John Mayer would eventually be my husband.
At least that’s what my middle school brain hopelessly assumed.
In fact, I think I spent half of my life blasting his tunes in the car on the way to volleyball practices and theatrical performances. The back corner of my memory contains countless lyrics from Continuum.
There is one song in particular that I find consistently resonating entitled “Stop This Train.” Mayer talks about wishing the train of life would stop chugging ahead at such a high speed, holding him back from the painful experience of growing pains and major changes. The wisdom of his father suggests that life will unfold little by little and we must experience each moment in its splendor. However, even when the moments are encountered consciously in the present, there is still a natural, stinging pain with drastic alterations to the routine to which you’ve grown fondly accustomed.
“Once in a while, when it’s good
It’ll feel like it should
When you’re all still around
And you’re still safe and sound
And you don’t miss a thing
‘Till you cry when you’re driving away in the dark
Singing, stop this train
I want to get off and go home again
I can’t take the speed it’s moving in
I know, I can’t
‘Cause now I see I’ll never stop this train.”
I feel like this is my current mental outlook on life, or at least the one I attempt to achieve. I am enthralled by the prospective challenges and adventures, and the deep onslaught of grief does not swell until I literally pull out of the driveway for the last time. I find myself assuring everyone, including my own mind, that I am fine and completely unaffected by the current fluctuating situations, only to be struck by the lightening bolt of pain. The morphine dosage of positivity will soon fail to be enough to numb the unwanted feelings.
I am an emotional creature, and the pain that comes with the loss of comfortability is inevitable.
Okay, crying session is over. Right?
I would consider myself a realist. If the fallen world is inevitably going to let you down, why hope in something that is bound to decompose and break your heart? Putting faith in God is necessary, but difficult, because of the fallibility of the world. I just don’t enjoy falling from a higher mountain of expectation into a worse state of emotional wreckage if I can help it. You probably feel similarly – no one enjoys the idea of pain.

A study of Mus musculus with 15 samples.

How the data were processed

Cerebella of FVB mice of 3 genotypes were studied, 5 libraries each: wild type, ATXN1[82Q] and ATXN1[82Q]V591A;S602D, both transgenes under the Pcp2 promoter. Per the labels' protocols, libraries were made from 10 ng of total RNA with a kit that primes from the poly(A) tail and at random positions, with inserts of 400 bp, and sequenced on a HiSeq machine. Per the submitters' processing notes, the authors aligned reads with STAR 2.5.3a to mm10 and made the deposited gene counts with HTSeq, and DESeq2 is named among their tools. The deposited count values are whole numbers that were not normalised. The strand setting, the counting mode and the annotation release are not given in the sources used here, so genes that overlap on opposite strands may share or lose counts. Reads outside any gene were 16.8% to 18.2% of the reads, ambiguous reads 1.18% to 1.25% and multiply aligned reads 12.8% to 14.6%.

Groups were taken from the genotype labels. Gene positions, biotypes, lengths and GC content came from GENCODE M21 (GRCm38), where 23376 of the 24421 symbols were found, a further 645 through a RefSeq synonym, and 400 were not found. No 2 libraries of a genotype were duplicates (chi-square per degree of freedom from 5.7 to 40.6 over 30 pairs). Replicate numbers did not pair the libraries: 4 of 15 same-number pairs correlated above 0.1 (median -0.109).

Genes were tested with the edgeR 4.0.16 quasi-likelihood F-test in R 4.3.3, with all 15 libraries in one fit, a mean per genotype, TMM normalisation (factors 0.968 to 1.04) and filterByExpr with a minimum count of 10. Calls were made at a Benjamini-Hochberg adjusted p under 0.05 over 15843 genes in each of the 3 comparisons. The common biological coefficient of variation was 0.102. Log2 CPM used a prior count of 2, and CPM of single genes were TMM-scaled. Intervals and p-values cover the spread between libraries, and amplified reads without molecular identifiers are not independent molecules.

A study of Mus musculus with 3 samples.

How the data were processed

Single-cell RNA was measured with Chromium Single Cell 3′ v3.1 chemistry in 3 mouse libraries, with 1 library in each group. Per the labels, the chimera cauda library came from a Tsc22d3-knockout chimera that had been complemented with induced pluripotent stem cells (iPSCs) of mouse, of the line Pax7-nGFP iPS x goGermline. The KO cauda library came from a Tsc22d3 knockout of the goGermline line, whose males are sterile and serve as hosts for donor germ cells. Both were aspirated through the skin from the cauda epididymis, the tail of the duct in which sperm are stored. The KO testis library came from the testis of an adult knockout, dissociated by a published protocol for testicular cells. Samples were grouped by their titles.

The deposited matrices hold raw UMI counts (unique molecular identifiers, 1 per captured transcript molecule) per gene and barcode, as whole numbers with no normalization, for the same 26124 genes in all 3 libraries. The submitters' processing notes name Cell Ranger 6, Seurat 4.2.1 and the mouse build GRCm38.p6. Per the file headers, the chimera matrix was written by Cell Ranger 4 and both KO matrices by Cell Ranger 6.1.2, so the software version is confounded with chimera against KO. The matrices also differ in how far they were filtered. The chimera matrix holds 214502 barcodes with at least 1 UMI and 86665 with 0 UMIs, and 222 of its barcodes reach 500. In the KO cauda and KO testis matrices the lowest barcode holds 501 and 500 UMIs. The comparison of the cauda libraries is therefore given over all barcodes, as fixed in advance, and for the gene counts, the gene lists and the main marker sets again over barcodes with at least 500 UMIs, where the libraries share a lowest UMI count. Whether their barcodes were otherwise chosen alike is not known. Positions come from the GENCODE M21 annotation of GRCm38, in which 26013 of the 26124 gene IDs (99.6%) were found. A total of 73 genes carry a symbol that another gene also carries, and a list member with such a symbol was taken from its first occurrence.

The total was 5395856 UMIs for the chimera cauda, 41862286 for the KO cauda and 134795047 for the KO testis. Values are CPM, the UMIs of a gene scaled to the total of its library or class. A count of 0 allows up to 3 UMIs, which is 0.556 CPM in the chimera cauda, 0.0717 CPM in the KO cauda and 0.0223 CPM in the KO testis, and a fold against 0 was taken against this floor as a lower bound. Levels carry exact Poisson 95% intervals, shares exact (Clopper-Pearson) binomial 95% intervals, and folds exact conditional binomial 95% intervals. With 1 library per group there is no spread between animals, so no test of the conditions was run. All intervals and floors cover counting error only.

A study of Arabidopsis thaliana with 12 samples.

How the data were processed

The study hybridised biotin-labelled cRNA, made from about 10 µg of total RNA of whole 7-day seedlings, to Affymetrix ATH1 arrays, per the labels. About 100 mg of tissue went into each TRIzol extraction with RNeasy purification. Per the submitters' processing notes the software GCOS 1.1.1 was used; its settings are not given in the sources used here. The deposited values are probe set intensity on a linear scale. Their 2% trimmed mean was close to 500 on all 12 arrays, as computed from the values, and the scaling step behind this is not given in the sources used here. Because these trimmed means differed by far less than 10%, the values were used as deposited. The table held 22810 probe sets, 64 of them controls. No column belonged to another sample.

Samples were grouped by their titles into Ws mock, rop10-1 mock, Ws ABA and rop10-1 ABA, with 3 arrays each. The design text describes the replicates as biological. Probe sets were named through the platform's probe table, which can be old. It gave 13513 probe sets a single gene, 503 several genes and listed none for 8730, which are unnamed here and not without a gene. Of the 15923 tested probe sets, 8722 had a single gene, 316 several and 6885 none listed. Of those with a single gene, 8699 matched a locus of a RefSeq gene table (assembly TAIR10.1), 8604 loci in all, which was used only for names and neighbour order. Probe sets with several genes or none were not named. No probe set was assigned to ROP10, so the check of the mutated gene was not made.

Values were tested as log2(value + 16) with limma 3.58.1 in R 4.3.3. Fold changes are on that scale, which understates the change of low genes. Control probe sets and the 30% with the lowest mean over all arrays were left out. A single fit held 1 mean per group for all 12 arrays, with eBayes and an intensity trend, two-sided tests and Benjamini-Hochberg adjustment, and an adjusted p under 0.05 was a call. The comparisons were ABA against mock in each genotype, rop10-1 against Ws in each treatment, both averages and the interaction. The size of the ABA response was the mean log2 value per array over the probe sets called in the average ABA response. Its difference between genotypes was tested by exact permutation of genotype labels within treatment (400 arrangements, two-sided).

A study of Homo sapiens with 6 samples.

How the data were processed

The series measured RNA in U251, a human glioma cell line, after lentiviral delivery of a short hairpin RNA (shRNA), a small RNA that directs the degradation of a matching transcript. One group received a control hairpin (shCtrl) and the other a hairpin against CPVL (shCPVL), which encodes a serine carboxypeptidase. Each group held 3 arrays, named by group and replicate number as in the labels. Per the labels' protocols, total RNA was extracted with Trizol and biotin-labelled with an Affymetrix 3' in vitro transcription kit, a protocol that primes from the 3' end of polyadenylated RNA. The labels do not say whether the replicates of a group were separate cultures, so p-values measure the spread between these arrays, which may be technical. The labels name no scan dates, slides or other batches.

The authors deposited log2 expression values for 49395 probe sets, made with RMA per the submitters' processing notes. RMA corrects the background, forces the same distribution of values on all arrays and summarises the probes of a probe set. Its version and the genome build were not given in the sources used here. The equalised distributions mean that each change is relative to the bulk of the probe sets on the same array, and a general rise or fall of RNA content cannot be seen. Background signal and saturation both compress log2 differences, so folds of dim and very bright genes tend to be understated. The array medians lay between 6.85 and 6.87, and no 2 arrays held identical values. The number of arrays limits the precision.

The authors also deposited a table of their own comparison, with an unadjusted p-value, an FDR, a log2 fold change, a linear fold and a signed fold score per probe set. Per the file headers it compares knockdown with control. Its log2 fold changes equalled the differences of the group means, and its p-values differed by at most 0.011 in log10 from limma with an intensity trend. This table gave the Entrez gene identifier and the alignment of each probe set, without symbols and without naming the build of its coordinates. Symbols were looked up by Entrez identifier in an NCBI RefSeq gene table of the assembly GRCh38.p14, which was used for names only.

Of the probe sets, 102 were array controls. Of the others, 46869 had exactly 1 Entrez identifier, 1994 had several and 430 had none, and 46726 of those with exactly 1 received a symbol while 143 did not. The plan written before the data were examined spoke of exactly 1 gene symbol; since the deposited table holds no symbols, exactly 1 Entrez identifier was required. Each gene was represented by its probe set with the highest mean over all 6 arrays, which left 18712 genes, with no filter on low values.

I am about to move 9 hours away to a city with no connections and the excitement is uncontainable. However, within the past two weeks, I have met some of the most incredible people and fostered some wonderful relationships that pull on my heartstrings with a twang. Sometimes you don’t realize the beauty of the community you are in until you are about to drive away in the darkness. Singing, wishing, crying, begging for life to stop this train. But I haven’t reached that point yet – I am only asking to slow this train. I am still at the stage of taking in every moment and enjoying the blossoming friendships while I can.
Here are the ways in which I am preparing for the change to come:
- I am not withholding myself from forming deeper relationships with those around me, even if it means that I will be torn away like duct tape instead of Scotch. It would be foolish of me to avoid those around me to ease my own potential pain. So I will fill my last few weeks in Tennessee with as many people as possible and gallons of coffee.
- I am diving into my creative outlets to foster an environment for emotional vulnerability. I am attempting to read more books and write stories and songs. The old acrylics are coming out of hiding and splattering themselves on canvas. I am spending time at the piano. I am discussing the brain and trauma with my mom. Embracing my emotions does not equate to weakness – vulnerability is healthy, and it is time I intentionally put it into practice.
- I am throwing myself a goodbye party. I was always told by others that celebrating myself was selfish and people would scoff at my gifts. I remember in middle school, some of my close friends told me I was worshipping too loudly and deeply and I needed to stop showing off. I would share a good grade with a friend and they would shame me into feeling bad for being intelligent. So I am choosing to purposely marinate in my accomplishments and let others celebrate with me. There is nothing wrong with planning a night for yourself.
- I am coming to terms with the fact that I will not be able to consistently visit. I am not promising anyone time in the future that I do not have to give out. By doing so, I am signing myself up for failure and choosing to remain in the past.
What changes are imminent in your life? Do you fear the change or embrace it? Do you dive into new experiences too fast or do you take your time closing out the previous chapter? The ways I am preparing for change are combating my desire for emotionless, exciting jumps from one mountain to another. I love the adventure and the chase, but settling into a rhythm can be difficult – I want the next best thing. You may approach things differently. I encourage you to reevaluate how you handle change and find where your stumbling blocks are.
You cannot stop the train. It will drag you behind if it must as you plead with the conductor to hit the brakes.
You are an emotional creature – growth will stretch you past your limits and you will break. You are not God; you function as a creature does and, therefore, you will experience the tribulations and destruction of this world. It is not wrong to feel vulnerable. Just don’t dwell in the pain and don’t let your situation define you.